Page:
My second grader’s teacher sent an email the other day about “ALICE” lock down procedures. Further down in the email, there’s a notice that they will have these drills 5 times a year. (5!!!). I Googled “Alice lock down” and learned I shouldn’t have. It’s freaky the kinds of training our teachers (to be frank, I’m guessing it’s ministers and other public buildings) need to have these days.
I’m a mom and step-mom. A wife. A lover. A daughter and daughter-in-law, a sister and sister-in-law. A friend. A best friend. An aunt and cousin and niece. A Senior Business Systems Analyst. A geek, a dork. A democrat. A moderate. A Catholic. A runner? An Athlete? A college grad. A grad school graduate. A blogger? A Minnesotan. A reader. An American (as in USA – American). A dog lover. A Disney-fan. A snob? (well, that’s not a question, that’s real). A recycler. A world traveler (once upon a time). A breadwinner. (choice of family, not by circumstances). A jerk. An evader. A poetry-hater. A mess. A Ms. A Twins fan. A Cardinals fan. A US soccer fan. A slob. A tomboy. A Caucasian.
We so often label the world around us, and eventually we label ourselves. Sometimes we like the label, because hello, when my girls shout “mommy” and mean me, or when Mike says “wife” and means me, that’s awesome. But when someone slanders another piece of me (dork, slob), it’s hard to step up to that. I don’t mean to suggest I’m perfect. I have plenty of people who love to help me improve in my life, or just point out my shortcomings. It’s just that I think we accept titles because it’s a way of defining ourselves. But, I don’t know if the paragraph above is me.
I just wish we could stop trying to pigeonhole people, and this starts with ourselves. Yes, some of these are roles that I fit. But I AM more than that individual role. Clearly. We are all. And every time I hear “just a”, it hurts at the heart level. We are so beautiful in some way or another to someone. All the titles in the world don’t (can’t, won’t) describe the uniqueness that is you. I don’t care if you are a partner in a law firm, a president of a college, a pastor of a church, a custodian, a high schooler, a drop-out, you are awesome. You are you. And guess what. You are so amazing to someone.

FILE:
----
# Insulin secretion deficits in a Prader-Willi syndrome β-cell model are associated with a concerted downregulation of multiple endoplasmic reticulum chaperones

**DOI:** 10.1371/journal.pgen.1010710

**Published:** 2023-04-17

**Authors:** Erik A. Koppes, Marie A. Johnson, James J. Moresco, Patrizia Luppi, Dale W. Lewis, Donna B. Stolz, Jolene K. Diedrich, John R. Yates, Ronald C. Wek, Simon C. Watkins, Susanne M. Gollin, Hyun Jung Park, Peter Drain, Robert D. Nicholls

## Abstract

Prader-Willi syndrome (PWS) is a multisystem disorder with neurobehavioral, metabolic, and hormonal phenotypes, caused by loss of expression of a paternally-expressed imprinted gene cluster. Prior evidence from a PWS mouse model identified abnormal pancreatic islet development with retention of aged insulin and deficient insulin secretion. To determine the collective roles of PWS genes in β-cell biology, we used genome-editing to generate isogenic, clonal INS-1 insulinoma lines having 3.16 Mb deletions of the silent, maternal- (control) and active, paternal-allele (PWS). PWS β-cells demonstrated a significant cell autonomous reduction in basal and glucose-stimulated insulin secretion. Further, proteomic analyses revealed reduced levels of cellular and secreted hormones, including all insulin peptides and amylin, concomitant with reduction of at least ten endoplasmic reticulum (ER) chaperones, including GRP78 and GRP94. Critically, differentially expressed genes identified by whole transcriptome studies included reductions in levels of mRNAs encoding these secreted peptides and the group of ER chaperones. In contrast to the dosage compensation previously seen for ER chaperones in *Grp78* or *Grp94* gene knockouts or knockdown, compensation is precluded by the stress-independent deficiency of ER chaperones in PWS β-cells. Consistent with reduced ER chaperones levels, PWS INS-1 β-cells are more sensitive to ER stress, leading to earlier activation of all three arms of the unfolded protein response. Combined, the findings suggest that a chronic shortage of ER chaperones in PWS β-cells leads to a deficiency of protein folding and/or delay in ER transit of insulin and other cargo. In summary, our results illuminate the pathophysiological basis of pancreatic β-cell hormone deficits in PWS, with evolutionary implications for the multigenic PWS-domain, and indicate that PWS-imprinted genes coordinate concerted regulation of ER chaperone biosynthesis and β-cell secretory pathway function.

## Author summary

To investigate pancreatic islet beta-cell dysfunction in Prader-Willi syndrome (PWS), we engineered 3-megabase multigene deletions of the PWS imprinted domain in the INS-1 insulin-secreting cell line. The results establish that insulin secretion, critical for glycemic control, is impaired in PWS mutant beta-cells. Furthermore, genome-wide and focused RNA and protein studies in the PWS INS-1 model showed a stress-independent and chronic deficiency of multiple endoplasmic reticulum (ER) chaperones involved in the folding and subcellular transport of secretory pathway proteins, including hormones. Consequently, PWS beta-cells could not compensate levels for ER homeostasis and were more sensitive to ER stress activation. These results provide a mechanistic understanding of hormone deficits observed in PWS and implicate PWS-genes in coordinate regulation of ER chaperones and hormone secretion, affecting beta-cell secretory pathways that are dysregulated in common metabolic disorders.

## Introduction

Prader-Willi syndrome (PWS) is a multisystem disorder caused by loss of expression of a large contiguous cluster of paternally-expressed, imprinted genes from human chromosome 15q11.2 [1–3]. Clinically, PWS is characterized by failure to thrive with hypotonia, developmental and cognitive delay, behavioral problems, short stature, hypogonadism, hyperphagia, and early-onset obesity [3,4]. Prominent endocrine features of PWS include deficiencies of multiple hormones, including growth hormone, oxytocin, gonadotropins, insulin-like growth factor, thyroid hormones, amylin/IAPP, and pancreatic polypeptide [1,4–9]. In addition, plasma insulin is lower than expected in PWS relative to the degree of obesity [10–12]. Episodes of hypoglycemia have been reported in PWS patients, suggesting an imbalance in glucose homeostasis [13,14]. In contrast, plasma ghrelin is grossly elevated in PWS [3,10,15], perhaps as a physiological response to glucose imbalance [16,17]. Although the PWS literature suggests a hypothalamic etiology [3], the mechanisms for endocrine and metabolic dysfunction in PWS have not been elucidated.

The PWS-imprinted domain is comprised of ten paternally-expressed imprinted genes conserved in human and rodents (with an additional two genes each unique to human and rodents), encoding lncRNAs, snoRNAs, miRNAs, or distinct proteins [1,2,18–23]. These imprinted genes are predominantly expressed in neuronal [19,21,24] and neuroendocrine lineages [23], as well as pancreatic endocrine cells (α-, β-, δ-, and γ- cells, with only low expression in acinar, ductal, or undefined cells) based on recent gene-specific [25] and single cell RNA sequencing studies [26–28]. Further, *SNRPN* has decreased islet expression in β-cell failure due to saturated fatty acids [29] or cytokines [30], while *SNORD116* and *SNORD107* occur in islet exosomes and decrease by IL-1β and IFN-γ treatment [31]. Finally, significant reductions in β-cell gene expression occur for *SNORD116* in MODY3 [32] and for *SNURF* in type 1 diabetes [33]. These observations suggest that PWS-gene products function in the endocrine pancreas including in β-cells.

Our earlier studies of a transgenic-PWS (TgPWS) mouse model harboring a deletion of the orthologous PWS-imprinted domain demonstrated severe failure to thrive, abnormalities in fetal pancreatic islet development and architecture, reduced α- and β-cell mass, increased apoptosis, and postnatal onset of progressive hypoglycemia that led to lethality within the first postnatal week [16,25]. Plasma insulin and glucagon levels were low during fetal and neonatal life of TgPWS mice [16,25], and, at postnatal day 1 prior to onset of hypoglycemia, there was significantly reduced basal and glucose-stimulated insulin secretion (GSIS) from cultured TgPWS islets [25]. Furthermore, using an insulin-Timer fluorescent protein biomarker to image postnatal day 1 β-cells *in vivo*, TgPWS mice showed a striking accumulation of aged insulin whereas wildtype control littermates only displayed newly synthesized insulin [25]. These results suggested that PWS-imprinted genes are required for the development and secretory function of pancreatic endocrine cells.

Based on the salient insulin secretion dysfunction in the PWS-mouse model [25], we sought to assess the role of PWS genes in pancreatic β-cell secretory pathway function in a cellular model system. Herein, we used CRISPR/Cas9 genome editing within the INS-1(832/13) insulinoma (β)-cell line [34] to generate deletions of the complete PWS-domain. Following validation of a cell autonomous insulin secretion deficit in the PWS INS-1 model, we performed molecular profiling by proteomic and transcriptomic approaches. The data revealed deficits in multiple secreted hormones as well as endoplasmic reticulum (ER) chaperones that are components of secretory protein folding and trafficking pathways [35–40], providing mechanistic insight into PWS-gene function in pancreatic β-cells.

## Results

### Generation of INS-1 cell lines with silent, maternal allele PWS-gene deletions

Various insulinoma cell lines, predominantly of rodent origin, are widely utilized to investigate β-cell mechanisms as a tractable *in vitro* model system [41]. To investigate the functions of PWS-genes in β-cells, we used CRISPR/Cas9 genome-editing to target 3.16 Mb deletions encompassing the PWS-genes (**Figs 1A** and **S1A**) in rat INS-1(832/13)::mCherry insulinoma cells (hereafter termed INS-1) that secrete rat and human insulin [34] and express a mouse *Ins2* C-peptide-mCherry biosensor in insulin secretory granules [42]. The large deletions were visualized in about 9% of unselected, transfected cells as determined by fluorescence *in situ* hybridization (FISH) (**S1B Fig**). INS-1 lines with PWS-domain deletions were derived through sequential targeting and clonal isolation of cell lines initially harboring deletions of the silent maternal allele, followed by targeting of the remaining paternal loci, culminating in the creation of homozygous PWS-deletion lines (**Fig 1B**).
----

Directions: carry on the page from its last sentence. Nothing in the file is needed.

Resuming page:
I want to be a runner. Does it matter than I am slower than molasses? If I run (jog, whatever), does it matter? Can I still be a runner if I look nothing like a marathoner? I don’t make it to church often, but many of my beliefs are founded… But I don’t believe in everything espoused by the Church right now… Who gets to decide what I am? Me? You? Some random person on the street? Does it matter what you or the random person think? Should it?
Many years ago, we lost one of my cousins. And I can remember thinking he’s going to heaven. He has to be. He’s left behind love. People who he loved and who loved him. People came from around the country to celebrate his life and pull together. How much better is that description of him, than say, college student, son, cousin, brother? All of those are a piece of him, but none of that is the whole. The whole of him was his heart and the intangible pieces he left behind.
We have a choice. We can choose to be loving and kind. Supportive and thoughtful. Or we can choose to be angry and horrible. Tortured and unloving. No title really can do justice to the legacy we (hope to) leave behind. So, more than anything, I wish we could work on our insides, and remember that no matter what title(s) we have (hidden, or not), they are not the sum of us. We are more than words.